Mariana Medina Sánchez, PhD
Group Leader of the Micro- and Nanobiomedical Engineering Group
Leibniz IFW Dresden e.V., Germany
Biosensing, Microfluidics, Microrobotics, Assisted Fertilization, Drug Delivery
During the presentation, I will showcase different physical and biohybrid micromotors, including sperm-hybrid microrobots and microcarriers designed to enhance pregnancy success rates and minimize the invasiveness of current assisted fertilization techniques. By utilizing weak external magnetic fields, we have successfully demonstrated the guidance and transport of both motile and immotile sperm through biological-relevant fluids in vitro using magnetic microcarriers. These sperm-hybrid microrobots have also been employed as drug carriers for gynecological cancer treatment. Our team has further accomplished the transport and release of multiple viable and mature sperm, which is a critical step towards in vivo egg fertilization or controlled drug dosing in cancer therapy. We have evaluated the micromotors’ performance under blood flow and utilized their cargo-delivery function by functionalizing carriers with heparin-loaded nanoliposomes. Recently, we have reported on the successful tracking of magnetically-driven micromotors in phantom, ex-vivo, and living mice with high spatial and temporal resolution using photoacoustic imaging, enabling translation of these technologies to pre-clinical trials.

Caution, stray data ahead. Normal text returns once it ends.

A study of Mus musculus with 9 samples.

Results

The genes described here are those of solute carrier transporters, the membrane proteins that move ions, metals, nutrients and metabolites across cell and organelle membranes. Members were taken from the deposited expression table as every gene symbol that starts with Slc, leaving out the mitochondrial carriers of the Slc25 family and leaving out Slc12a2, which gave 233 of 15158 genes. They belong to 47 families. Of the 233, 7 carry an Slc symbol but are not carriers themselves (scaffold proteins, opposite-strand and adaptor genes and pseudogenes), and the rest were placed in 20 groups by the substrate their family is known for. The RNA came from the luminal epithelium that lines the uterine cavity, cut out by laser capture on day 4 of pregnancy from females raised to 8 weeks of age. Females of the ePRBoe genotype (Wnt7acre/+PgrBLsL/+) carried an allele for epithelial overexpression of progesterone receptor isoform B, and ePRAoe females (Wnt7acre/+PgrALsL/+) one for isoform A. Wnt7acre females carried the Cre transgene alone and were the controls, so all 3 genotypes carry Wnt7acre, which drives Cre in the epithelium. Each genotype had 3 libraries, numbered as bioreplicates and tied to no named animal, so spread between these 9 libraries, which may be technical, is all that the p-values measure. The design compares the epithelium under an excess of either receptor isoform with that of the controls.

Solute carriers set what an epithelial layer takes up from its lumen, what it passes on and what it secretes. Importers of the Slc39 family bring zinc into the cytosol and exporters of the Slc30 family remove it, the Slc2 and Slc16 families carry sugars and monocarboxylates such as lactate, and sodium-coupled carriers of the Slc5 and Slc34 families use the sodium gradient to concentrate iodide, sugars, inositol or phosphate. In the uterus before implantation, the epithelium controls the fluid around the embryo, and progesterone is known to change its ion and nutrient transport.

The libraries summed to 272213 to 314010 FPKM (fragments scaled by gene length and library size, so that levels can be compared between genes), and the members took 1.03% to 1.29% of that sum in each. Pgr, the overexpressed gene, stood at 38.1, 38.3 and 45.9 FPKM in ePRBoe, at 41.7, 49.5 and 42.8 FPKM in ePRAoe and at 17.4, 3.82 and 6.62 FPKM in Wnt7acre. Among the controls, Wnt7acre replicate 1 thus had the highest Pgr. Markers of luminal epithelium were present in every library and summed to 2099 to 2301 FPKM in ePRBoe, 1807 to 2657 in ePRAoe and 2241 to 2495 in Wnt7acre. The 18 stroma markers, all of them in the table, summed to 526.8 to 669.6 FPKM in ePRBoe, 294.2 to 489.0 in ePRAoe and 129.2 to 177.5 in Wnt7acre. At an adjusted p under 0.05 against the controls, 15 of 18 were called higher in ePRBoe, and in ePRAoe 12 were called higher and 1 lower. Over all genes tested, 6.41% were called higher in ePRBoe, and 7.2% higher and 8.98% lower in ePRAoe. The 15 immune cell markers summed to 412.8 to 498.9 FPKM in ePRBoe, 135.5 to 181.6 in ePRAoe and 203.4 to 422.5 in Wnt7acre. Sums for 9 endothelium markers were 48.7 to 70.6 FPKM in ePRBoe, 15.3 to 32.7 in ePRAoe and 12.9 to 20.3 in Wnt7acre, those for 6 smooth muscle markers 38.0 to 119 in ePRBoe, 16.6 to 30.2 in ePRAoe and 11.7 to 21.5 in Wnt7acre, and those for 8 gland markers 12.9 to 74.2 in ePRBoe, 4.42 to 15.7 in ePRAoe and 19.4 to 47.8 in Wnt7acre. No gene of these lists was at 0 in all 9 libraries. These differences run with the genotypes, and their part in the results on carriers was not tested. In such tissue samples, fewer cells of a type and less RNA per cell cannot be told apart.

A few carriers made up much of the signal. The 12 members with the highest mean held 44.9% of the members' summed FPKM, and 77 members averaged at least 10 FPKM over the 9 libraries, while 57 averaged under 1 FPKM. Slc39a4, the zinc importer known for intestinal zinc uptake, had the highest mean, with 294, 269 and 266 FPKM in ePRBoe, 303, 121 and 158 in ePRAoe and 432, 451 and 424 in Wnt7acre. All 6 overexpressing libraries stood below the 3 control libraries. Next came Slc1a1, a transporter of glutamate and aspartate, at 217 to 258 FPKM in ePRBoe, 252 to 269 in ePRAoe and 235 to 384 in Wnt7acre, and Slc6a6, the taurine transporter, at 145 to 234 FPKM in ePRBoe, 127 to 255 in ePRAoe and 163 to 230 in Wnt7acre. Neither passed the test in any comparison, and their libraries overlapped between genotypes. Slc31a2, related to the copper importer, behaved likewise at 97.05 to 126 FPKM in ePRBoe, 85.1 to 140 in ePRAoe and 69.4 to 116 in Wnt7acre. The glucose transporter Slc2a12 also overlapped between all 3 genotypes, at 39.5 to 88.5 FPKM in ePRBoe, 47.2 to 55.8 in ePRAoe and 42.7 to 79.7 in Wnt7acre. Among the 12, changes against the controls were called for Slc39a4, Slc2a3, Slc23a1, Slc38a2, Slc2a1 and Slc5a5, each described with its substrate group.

Mariana Medina Sánchez is a Mechatronics Engineer from University of San Buenaventura (Colombia), an M.Sc. in Nanotechnology and a Ph.D on Biotechnology, from the Catalan Institute of Nanoscience and Nanotechnology ICN2, Autonomous University of Barcelona (Spain). In 2014, she joined the IFW Leibniz Institute as a postdoctoral researcher. Since 2016, she has been group leader of the Micro- and NanoBiomedical Engineering Group at the same institute. In 2019 she was awarded by the European Research Commission in the category of ERC Stg, and started as independent group leader, working on the topic of microrobotic systems and bioanalytical platforms to overcome female infertility.